All morning I had the Carly Simon song Anticipation running through my head. I couldn't figure out why until I looked at my photos from this mornings outing. I must of, at some point in the morning, triggered the word "anticipation" as a result of what I was photographing. And just like that, the song was in my head.
However you want to phrase it, anticipating your subject's actions will help to improve your photo. As I photograph wildlife, I have to anticipate what that animal might do. That means reading up about their behavior, studying them in the field, taking in the surroundings and being patient.
For example, this morning, I woke up a couple of hours before sunrise with hopes of going out to photograph some wildlife. It had snowed the night before and the temperature had dropped, but there were still clouds to the east and a little fog from the steam rising from warm water in the nearby rivers, ponds and streams. Would the clouds dissipate in time to let the sun shine through at sunrise?
I headed out to Rocky Mountain Arsenal National Wildlife Refuge east of Denver just as the sun was breaching the horizon - the clouds lifted. Anticipating the weather is an important - but uncontrollable - piece of nature photography. In Colorado, the day after a winter snow storm is very often a beautiful but cold, sunny day. Today lived up to that trend.
I first went to the north side of the driving tour at the Refuge in hopes of finding the bison. They were there - but on the wrong side of the fence. The light was getting gorgeous - warm and soft thanks to the fog in the cold air. But I noticed the pasture gate was open and that the bison were facing that gate. So I decided to wait. Sure enough, about 30 minutes later, that herd of about three dozen bison strolled down the fence line and through the gate right into beautiful morning sun and fresh snow on the ground.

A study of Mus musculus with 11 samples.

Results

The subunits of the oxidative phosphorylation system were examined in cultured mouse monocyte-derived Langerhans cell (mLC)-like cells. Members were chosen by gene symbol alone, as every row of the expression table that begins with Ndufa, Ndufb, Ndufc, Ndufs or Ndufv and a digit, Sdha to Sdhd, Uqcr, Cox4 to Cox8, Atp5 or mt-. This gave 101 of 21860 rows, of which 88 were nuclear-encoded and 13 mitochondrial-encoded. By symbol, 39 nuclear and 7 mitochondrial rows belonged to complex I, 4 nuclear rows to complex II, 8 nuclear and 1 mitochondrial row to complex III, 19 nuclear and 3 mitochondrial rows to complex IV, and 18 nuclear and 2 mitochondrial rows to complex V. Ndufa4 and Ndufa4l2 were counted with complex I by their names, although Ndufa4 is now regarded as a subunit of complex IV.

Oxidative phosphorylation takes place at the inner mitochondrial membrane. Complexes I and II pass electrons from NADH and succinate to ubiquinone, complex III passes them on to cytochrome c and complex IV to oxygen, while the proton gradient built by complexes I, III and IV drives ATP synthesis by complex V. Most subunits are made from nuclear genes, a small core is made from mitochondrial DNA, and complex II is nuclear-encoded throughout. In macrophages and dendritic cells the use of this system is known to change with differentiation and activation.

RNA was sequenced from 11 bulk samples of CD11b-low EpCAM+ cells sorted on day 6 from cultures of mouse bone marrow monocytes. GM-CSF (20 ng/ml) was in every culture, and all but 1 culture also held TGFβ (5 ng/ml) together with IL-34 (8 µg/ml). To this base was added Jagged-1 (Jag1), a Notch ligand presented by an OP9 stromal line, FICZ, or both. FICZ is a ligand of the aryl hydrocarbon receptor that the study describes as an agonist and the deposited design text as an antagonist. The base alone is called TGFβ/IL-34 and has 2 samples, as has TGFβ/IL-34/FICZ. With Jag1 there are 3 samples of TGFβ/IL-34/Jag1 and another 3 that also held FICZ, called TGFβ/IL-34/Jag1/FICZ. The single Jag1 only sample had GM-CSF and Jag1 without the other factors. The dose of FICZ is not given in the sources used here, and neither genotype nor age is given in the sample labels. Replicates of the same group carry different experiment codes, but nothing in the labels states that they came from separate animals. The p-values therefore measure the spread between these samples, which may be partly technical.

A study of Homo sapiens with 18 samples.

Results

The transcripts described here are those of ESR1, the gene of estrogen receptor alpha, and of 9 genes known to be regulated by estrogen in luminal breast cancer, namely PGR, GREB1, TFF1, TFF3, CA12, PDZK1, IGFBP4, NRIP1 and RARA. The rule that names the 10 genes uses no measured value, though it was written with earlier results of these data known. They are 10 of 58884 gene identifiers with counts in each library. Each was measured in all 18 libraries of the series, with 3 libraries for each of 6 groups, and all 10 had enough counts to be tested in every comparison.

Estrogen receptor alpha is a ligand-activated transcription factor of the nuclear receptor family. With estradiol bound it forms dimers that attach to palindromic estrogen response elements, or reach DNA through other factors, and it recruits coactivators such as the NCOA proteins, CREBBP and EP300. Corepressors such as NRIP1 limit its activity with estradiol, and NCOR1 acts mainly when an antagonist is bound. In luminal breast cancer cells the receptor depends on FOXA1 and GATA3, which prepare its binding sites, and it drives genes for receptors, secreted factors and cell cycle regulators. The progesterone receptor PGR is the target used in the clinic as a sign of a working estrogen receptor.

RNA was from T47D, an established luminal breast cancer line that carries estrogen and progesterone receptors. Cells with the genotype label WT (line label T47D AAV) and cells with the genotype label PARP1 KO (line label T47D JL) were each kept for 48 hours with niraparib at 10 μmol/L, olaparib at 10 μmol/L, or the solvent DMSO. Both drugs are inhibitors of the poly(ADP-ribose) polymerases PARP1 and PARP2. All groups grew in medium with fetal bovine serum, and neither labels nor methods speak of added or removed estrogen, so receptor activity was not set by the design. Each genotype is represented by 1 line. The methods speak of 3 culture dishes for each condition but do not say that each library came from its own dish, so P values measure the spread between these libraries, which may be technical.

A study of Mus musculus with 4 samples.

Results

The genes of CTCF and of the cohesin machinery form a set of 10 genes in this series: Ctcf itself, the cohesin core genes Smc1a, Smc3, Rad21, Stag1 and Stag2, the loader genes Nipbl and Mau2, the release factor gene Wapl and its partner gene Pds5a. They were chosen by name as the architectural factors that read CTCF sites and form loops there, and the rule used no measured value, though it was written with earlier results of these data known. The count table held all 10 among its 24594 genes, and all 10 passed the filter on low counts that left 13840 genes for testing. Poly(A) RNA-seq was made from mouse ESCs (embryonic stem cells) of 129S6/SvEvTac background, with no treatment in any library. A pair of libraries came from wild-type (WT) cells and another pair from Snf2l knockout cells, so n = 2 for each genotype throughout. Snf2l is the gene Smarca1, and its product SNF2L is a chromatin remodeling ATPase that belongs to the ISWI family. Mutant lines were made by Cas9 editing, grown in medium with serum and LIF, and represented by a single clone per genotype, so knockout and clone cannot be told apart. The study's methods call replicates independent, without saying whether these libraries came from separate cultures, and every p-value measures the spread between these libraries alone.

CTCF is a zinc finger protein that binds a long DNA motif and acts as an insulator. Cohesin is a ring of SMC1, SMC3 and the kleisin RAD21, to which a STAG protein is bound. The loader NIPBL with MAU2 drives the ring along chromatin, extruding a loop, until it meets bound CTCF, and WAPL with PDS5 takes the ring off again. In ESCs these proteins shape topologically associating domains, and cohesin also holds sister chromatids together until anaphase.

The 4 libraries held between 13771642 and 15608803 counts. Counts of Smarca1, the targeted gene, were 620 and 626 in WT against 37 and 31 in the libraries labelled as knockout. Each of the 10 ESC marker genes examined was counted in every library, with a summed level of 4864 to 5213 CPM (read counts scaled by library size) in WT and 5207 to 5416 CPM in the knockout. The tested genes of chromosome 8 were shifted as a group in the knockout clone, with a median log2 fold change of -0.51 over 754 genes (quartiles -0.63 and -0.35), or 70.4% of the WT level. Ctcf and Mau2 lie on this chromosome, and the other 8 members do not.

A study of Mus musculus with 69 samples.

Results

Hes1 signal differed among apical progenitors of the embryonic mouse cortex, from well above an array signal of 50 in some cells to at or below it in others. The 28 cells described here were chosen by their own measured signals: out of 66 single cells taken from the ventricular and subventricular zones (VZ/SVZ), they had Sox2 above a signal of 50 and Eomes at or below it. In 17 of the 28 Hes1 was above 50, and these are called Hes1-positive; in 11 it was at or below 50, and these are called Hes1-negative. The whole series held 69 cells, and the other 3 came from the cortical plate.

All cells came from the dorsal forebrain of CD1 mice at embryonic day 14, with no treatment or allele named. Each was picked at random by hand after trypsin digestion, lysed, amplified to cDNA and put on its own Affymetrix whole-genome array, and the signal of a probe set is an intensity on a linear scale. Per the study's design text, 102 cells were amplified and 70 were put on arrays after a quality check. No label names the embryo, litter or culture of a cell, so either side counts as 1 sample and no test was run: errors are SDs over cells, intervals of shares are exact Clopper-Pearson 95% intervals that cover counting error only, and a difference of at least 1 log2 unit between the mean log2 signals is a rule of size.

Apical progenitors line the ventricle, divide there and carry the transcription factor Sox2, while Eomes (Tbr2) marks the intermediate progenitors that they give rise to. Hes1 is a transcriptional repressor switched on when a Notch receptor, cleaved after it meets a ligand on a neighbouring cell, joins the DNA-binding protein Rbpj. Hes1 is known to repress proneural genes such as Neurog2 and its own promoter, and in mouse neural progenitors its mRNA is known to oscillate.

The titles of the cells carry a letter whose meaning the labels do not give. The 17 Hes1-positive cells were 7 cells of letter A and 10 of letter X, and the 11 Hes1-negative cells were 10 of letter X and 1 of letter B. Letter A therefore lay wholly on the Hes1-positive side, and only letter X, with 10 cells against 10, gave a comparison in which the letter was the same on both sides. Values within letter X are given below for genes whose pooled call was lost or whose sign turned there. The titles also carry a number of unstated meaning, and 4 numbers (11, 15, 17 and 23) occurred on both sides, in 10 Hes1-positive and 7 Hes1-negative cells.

Then I spotted a herd of mule deer in the distance near a lake at the Refuge. There were two bucks following about a dozen does and fawns. I considered at first that they were too far away but changed my mind when I reviewed the situation - they were using a game trail I had frequently seen them on in the past. This trail crosses the road near where I was so I decided to turn around and wait. Sure enough the does and fawns meandered down the trail and across the road. The buck followed and I captured some stellar shots of a buck coming over a ridge.
So in each situation, I reviewed the surroundings, referred back to a few memories of what I had seen and experienced in the past and created my own luck for some pretty good shots today.
As Louis Pasteur said, "Chance favors only the prepared mind." That includes our knowledge and insight that we bring with us to each location.